Korver clutch when it counts


      Rick West/rwest@dailyherald.com Chicago Bulls small forward Luol Deng fires up the crowd in the 4th quarter after his technical fould during Game One of the NBA Eastern Conference Quarterfinals Saturday at the United Center in Chicago.

  • The Bulls' Kyle Korver hits a go-ahead 3-point basket late in the fourth quarter Saturday against the Pacers.

      The Bulls' Kyle Korver hits a go-ahead 3-point basket late in the fourth quarter Saturday against the Pacers.
    Rick West | Staff Photographer

 
 

Derrick Rose seems to do everything for the Bulls late in games, but Kyle Korver has sort of become clutch option 1A.

The long-range specialist took a pass from Rose and drained a tiebreaking 3-pointer with 48.4 seconds left as the Bulls beat Indiana 104-99 in a competitive Game 1 at the United Center.


"At the end of the game, guys tighten up or guys don't," he said. "That's just the way it always goes."

Indiana built a lead by making open jumpers, then finished the game with 8 straight misses. Obviously, the Bulls also picked up their defense when faced with the desperation of a 10-point deficit with 3:38 remaining.

Rose scored on a couple of drives into the lane to tie the score at 99-99. On his third trip to the paint, he kicked it out to Korver.

"I'm just thinking about how I prepare for a shot," Korver said. "I'm thinking about getting my legs in, getting my weight forward, my arms straight. I'm thinking about those things instead of 'This is a big shot. You've got to be ready.'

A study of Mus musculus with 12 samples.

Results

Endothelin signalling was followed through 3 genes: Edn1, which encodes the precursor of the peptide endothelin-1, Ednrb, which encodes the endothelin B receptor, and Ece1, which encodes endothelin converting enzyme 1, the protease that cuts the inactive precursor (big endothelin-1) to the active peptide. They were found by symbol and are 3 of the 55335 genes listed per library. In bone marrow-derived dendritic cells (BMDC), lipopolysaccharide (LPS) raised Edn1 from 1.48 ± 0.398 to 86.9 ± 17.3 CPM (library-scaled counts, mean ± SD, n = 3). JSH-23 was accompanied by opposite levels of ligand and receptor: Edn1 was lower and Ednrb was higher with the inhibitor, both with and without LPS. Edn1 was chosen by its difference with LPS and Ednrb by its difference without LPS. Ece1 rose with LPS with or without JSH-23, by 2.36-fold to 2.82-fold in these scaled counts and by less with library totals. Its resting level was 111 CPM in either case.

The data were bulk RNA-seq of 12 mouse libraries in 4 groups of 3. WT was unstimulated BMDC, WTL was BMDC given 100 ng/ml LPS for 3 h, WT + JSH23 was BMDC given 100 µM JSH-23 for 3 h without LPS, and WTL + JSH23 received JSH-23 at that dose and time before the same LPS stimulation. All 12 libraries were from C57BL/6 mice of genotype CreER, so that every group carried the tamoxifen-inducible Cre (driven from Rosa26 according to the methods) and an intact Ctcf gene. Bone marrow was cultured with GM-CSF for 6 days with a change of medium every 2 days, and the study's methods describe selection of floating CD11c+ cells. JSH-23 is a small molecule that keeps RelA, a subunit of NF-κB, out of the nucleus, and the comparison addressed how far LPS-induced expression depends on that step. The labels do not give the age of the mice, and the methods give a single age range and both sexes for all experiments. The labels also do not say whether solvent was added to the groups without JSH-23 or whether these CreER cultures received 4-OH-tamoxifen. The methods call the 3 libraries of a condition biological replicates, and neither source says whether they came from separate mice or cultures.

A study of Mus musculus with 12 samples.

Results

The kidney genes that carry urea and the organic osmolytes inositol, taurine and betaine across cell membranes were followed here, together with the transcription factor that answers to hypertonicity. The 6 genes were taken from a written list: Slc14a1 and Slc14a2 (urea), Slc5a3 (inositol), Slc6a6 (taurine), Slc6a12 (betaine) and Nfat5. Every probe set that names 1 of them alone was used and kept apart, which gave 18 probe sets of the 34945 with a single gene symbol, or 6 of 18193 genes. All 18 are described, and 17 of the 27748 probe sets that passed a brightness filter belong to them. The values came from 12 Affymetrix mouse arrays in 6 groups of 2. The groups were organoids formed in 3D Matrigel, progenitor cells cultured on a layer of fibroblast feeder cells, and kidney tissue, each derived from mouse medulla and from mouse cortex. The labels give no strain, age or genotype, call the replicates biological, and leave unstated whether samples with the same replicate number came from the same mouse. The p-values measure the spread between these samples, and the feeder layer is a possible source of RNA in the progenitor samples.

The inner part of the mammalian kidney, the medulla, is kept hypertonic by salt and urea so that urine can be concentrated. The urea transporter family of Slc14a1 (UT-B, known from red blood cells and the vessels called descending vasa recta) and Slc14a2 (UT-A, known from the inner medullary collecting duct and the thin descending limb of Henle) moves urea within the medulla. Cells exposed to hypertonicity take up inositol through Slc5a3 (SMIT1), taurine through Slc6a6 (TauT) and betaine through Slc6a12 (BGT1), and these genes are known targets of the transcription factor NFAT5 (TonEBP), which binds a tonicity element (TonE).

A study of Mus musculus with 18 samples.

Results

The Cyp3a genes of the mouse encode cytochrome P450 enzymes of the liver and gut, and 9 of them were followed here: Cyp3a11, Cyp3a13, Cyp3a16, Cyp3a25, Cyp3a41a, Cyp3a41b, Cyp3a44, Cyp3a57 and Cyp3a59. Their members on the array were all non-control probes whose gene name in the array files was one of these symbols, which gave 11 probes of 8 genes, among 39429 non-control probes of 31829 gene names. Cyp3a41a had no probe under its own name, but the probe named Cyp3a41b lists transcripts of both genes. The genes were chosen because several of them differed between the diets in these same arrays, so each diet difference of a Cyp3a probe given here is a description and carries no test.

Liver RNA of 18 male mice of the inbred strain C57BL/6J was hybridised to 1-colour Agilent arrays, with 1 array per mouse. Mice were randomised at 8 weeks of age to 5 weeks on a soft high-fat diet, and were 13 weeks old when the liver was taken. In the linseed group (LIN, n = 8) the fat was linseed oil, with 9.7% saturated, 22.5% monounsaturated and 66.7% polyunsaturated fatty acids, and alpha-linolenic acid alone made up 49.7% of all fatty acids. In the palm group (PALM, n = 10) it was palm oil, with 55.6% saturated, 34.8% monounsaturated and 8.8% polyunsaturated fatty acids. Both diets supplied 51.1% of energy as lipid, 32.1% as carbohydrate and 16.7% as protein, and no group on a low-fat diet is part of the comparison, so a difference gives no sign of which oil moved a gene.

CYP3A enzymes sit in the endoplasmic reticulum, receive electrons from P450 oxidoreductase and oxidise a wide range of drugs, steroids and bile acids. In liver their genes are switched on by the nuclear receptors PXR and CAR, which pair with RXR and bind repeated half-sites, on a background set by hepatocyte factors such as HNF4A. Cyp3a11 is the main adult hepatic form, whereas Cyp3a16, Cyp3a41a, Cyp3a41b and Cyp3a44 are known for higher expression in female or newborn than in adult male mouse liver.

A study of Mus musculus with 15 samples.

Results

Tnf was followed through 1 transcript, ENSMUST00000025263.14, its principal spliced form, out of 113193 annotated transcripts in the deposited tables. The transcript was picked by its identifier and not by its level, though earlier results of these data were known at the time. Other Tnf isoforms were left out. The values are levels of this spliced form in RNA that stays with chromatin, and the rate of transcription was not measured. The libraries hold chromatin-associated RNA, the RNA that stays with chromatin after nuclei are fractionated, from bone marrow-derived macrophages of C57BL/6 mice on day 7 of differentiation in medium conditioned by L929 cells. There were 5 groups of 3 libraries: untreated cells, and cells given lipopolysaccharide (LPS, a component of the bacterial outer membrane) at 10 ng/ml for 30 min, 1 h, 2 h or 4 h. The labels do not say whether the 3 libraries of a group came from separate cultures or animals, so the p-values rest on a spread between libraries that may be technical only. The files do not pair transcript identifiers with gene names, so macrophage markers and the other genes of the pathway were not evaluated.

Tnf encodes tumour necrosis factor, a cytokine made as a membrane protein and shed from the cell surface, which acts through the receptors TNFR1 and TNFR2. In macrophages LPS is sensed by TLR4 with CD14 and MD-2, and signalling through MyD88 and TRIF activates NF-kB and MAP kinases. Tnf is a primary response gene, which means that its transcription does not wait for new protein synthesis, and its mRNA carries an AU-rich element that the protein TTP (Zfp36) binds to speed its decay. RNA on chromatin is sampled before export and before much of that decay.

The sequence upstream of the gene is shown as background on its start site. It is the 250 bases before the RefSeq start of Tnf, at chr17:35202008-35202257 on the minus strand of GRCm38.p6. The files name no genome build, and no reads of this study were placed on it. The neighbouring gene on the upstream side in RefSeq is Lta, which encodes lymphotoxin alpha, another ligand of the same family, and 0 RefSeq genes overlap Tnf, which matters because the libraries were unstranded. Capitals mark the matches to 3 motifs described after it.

"They're obviously extremely worried about Derrick. The whole point of me being out there is if my man sags down. If my man doesn't sag down, Derrick's got a lane to the basket."

Fair or foul:

The Pacers clearly planned to play physical defense against Derrick Rose. But they still took exception to the Bulls' 32-17 advantage in free throw attempts. Rose went 19-for-21 at the foul line.

"He drives to the basket, he's impossible to take a charge on," Pacers coach Frank Vogel said of Rose. "So the league rule says you jump straight up and if he jumps into you, there should be a no call. That's what we're just trying to teach our guys to do. We're trying to jump straight up, earn a no-call and be a big body in the paint."

Vogel picked up a technical foul with 1.8 seconds left in the first half when guard Darren Collison for traveling after getting bumped by Rose. It would have been Rose's third foul if the call had gone the other way.

Indiana center Roy Hibbert finished with 5 fouls, as did Bulls forward Carlos Boozer.

"Jump straight in the air. That's what I was doing the whole night," Hibbert said, displaying selective memory. "If he attacks the paint, I step up and I jump straight in the air and (I should) earn a no-call. I learned that from watching Dwight (Howard)."

Bull horns:

Indiana's Mike Dunleavy has played in 627 regular-season games over nine seasons, but Saturday was his first NBA playoff appearance. … Indiana's Danny Granger on the Bulls' late comeback: "It hurts even more. Honestly, I'd rather lose by 20. We were right there."